Tuesday, May 02, 2006

Vote 4 Me!

What is the origin of the political phrasing: "[Name of politician] for [name of state or country]"? I was thinking about this when looking at the banner at the top of Ron Silliman's blog entry yesterday: not "Pennacchio for U.S. Senate," for instance, but "Pennacchio for Pennsylvania." (I imagine in this case Pennacchio is taking advantage of the fact that "Penn" is part of his name.)

The first time I remember seeing this locution was "Dean for America," and I remember thinking it was really weird at the time. (Actually, living in Hyde Park, I still see those words looking at me from every other bumper.) Was Howard Dean running for the position of "America"? Was there an implied ellipsis: "Howard Dean [is best] for America"? Or was Dean "for" America in the same way that you might be "for" the Cubs or the White Sox?

After that, though, it seemed like everyone was adopting the "for..." Barack Obama's website, if I recall, was obamaforillinois.com. Illinois Gov. Rod Blagojevich's campaign site is called, um, "Rod for Illinois."

So is this a new phenomenon? I don't remember "Dukakis for America" or "Arnold for California" or anything of that ilk. And is it a largely Democratic phenomenon? A random troll of political sites doesn't turn up any Republicans using this formula.

A note on the actual content of Ron's post: What Ron calls the ideological incoherence of Democratic tickets this year seems, perversely, to be an effect of a national campaign effort that is more centralized than any time in recent memory, with the national party deciding well in advance of primary season who can win--based almost entirely on biography and name recognition rather than on ideology--and then sinking huge resources into getting that person on the ballot in the general election. The best example around here is "Fighting Dem" Tammy Duckworth, an Asian American officer who lost both legs in Iraq and who (with a lot of national funding) edged out a more established (and possibly more progressive) local candidate who had come with striking distance of victory two years before in a heavily Republican district. National concerns (the desire to reclaim credibility on Iraq and the military) and Duckworth's compelling story clearly trumped the grassroots here.

This isn't to say that Duckworth isn't a great candidate, and she has a good shot at winning a seat formerly held by Rep. Henry Hyde--in another parallel, Hyde has long been the House version of Santorum in the vehemence of his opposition to abortion (most prominently through the infamous Hyde Amendment, which prohibits Medicaid from funding abortions). But it's hard to say what the ultimate result of this centralizing strategy will be: we're watching a large, diverse, decentralized party that loses trying to make itself more like the small, disciplined, centralized party that wins.


Michelle said...

I liked the slogan "Dean for America". I interpreted it as someone who was fighting for a greater cause, who was not motivated by selfish reasons, who was generous and self-sacrificing and willing to give it his all. (Whereas, when I saw the bumper sticker "John Kerry"--and perhaps this was colored by Dean's slogan--I automatically thought, "John Kerry for himself.")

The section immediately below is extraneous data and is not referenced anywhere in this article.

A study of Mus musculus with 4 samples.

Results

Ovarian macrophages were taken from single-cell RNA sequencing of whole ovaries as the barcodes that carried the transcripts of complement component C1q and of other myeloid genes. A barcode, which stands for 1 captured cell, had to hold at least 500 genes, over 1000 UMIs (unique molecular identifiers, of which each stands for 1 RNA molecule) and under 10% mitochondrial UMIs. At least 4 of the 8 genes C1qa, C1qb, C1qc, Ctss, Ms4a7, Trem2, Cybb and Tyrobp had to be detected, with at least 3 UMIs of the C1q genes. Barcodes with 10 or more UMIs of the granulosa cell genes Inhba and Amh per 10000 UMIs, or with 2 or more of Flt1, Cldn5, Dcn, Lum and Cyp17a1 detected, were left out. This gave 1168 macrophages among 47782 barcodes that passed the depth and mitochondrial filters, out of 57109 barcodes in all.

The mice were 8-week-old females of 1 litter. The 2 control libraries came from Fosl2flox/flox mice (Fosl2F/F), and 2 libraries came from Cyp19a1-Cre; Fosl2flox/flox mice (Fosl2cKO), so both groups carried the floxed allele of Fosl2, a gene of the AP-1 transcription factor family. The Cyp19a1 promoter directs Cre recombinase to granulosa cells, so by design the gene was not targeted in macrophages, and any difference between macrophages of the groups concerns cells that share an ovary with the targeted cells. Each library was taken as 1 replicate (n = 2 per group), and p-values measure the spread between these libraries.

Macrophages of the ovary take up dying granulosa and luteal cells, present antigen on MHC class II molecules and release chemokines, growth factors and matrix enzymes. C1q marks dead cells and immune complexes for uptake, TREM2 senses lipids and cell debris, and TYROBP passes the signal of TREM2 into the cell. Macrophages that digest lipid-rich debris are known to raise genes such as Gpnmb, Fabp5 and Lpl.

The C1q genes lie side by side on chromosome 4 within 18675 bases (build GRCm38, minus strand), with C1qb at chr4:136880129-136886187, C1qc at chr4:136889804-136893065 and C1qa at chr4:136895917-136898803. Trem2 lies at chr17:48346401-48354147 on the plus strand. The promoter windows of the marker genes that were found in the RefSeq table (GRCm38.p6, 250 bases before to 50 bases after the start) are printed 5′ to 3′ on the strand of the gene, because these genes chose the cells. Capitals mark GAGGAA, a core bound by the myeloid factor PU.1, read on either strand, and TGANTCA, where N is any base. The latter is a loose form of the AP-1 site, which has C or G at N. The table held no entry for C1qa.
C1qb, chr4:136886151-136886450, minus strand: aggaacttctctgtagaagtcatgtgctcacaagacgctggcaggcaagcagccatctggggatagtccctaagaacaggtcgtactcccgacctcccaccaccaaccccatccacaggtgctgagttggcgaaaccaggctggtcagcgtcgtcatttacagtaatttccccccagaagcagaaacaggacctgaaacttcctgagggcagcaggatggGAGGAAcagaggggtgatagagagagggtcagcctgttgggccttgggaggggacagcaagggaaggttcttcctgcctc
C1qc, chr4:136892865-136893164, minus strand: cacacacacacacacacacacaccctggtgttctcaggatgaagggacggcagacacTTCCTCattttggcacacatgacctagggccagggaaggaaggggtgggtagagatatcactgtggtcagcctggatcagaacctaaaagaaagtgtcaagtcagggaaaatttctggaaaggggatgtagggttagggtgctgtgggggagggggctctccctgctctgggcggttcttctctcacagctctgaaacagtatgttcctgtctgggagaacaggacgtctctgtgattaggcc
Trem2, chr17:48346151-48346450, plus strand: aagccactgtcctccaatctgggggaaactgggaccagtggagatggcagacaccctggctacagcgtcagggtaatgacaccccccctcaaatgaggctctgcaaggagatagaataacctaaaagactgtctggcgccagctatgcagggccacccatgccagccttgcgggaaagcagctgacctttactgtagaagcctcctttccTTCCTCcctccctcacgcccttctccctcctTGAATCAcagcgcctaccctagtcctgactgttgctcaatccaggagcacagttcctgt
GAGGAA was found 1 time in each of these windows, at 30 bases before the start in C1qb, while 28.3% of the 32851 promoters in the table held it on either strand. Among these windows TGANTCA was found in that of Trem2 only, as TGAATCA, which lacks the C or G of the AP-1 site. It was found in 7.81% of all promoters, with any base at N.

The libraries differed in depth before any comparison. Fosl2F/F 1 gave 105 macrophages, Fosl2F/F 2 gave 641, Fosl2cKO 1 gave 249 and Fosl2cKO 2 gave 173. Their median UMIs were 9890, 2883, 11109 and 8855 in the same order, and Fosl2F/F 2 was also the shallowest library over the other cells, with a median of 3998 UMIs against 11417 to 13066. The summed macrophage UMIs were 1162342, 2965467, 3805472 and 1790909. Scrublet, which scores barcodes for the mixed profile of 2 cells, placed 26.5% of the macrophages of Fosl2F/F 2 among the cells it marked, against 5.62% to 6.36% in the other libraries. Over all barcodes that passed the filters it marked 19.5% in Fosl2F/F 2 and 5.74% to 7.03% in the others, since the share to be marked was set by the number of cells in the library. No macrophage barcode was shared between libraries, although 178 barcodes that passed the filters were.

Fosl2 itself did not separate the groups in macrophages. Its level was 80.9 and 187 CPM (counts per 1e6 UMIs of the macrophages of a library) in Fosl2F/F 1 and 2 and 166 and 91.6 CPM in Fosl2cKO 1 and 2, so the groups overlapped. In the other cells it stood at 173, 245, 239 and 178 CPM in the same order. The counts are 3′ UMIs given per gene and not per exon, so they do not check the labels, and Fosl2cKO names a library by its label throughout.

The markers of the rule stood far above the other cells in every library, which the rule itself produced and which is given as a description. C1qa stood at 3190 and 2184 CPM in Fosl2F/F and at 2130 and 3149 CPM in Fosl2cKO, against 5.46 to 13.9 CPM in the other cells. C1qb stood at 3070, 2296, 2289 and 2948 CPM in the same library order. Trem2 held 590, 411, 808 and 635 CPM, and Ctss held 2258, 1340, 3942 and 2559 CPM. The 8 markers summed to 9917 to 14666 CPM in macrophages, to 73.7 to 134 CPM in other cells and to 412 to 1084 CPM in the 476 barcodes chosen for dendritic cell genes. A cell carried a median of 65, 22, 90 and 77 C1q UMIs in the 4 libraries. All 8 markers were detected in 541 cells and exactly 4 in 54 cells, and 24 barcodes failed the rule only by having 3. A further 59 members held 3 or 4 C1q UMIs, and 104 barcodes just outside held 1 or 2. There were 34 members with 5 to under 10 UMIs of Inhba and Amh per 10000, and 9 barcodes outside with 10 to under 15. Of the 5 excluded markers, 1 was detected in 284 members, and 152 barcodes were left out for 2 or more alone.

Tim said...

I was never crazy about any of the Kerry bumper-sticker designs. The "Kerry-Edwards" sticker in particular was an exercise in mixed messages. "Kerry-Edwards" was printed in a relatively delicate font, with upper- and lower-case letters--a clear contrast to the swaggering, crude block letters of "BUSH CHENEY." But then there was the fine print, in all caps--"A STRONGER AMERICA"--designed, I imagine, to dispel any hint of typographic wussiness.

Michelle said...

I never paid attention to the type before, but now that you mention it, you're right. I didn't like the "Kerry-Edwards" stickers because I thought the sticker was a bit of a monster--too long and unwieldy. Who wants a bumper sticker that takes up half of the bumper on your car?

powerpolitics said...

The first time I remember seeing "Somebody for State/Country" is the Dean cmapaign. I agree with Michelle that semantically, "Obama for Illinois" sounds like Obama (or whomever) is running to improve and better Illinois, not simply for a Senate seat for himself as an individual.

I think that Dean or whomever came up with it is brilliant because it really says more about your idea of public service.

Since I've only seen progressives running under the "Person for State" banner, I'd guess that it's a hat tip to the good Governor, and the organization he founded, Democracy for America. Doesn't hurt to model yourself on that meme especially if you are looking for the politically powerful group's endorsement in any hot primaries.

Secondly, I heard this complaint about Kerry's lettering/fonts being graphically wimpy quite frequently in the field during election cycle from non-hacks. I guess if one suscribes to the idea that image is everything, Kerry should have hired a new graphics designer..

Tim said...

Actually, I think Kerry's graphic designers got it right on, i.e. they nailed the mixed message of the Kerry campaign with great precision. The delicate, even "wimpy" "Kerry/Edwards" font signaled the campaign's desire to appeal to the traditional (sensitive, latte-swilling, tree-hugging, women-and-minorities) liberal constituency. Message: "I am a sensitive and intelligent man, and so (contrary to appearances) is John Edwards." But they also thought they needed to win over the centrist (war-embracing, terror-fearing, gun-loving) vote by promising a "STRONGER AMERICA." Message: "I will hunt down and kill the terrorists, and so (contrary to appearances) will John Edwards."